3.5 star, YA

Review: Five Survive by Holly Jackson

The brand new unmissable crime thriller from Holly Jackson, best-selling, award-winning author of the Good Girl’s Guide to Murder trilogy.

Eight hours.
Six friends.
One sniper . . .

Eighteen year old Red and her friends are on a road trip in an RV, heading to the beach for Spring Break. It’s a long drive but spirits are high. Until the RV breaks down in the middle of nowhere. There’s no mobile phone reception and nobody around to help. And as the wheels are shot out, one by one, the friends realise that this is no accident. There’s a sniper out there in the dark watching them and he knows exactly who they are. One of the group has a secret that the sniper is willing to kill for.

A game of cat-and-mouse plays out as the group desperately tries to get help and to work out which member of the group is the target. Buried secrets are forced to light in the cramped, claustrophobic setting of the RV, and tensions within the group will reach deadly levels. Not everyone will survive the night.

Overall Recommendation:

Hard to compete with the super high bar Holly Jackson’s bestselling series brought, but Five Survive holds up well enough as a locked room type thriller. Secrets were fun to guess and the ultimate mastermind behind what should’ve been a fun road trip wasn’t immediately obvious. Kudos for branching out in the genre but I did wish for more suspense as there wasn’t really enough stakes for it.

I’m a huge fan of Holly Jackson after the extraordinary book that was A Good Girl’s Guide to Murder, but I will be honest when there are things I don’t love as much as her debut (we don’t talk about book 3 here). Perhaps after such success, the expectations are set really high. But comparing it to Five Survive wouldn’t do this book justice.

Five Survive is most definitely less a whodunnit than a trapped thriller where everyone in the room could be a suspect, and the mysterious mastermind holding all the power may be one of them or someone they know intimately. It reminded me a lot of Diana Urban’s debut which I also felt similarly for so maybe I’m just more of a fan of well-plotted traditional mysteries.

So plot is still pretty important in such a story and I do think this book delivers there. Trapped in the RV from around 10pm at night until daybreak to get help, anything can honestly happen in those darkest hours in the middle of nowhere. The pacing was okay, but in the middle it really does let up on the “stress” factor that makes a thriller so enticing you absolutely can’t or shouldn’t put it down. Not enough happens outside the RV that ups the stakes. The crew inside was left with ample time to converse and try to plan escapes before it really felt like their lives were truly in danger. You can say that this book equally focuses on the six protagonists stuck inside the RV. Let’s dig into them, shall we?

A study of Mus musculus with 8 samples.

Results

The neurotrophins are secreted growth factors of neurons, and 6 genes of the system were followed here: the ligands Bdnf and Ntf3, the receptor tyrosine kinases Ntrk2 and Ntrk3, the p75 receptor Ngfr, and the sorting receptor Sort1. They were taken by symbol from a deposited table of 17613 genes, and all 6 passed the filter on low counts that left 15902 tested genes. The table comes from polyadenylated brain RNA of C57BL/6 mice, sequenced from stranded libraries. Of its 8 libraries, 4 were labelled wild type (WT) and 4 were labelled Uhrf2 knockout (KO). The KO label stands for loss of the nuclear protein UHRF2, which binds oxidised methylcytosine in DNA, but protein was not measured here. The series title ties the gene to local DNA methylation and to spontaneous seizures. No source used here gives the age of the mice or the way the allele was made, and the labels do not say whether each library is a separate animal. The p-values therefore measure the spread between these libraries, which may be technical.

On this road trip, we are mainly stuck in Red’s head. She’s not your cookie cutter kind of protagonist which I can appreciate. Her mind loses focus at times from what’s important with other competing thoughts that pop up, like a pattern in the RV’s curtains she cannot for the life of her figure out what it reminds her of. She’s also what I like to call an unreliable protagonist. Right off the bat, it’s obvious she’s hiding something even from us, the supposedly omniscient reader who should know her thoughts. What her secret is may or may not be super important to the current events but it bugs you to wonder what it could be. Red’s also faced trauma in her past with regards to her family so that brings another layer to her that makes it interesting seeing everything from her perspective.

The others can technically be boiled down to their roles in relation to Red – classmate, best friend, best friend’s brother and his girlfriend, and crush. But I liked how as time went on in the RV they’re more than just their initial traits. For example, Oliver, the perfect guy and overachiever, may not be so glamorous as Red always thought he was, and his relationship with his girlfriend may not be perfect on every level when you have life or death stresses mixed in. To be honest, I really started hating Oliver at some point for his need to lead and make all the final decisions for the whole group, but this shows his characterization was written so well that I could feel such emotions for him.

Did I end up gobbling this up like Holly’s other books? Not quite. But for thriller fans, I think this was well done. It balanced plot with characterization in a way that propelled the story forward instead of dragging everything slowly. For whodunnit mystery fans, Five Survive may not be the best read but it’s definitely still an enjoyable and heart pounding journey with Red and her crew.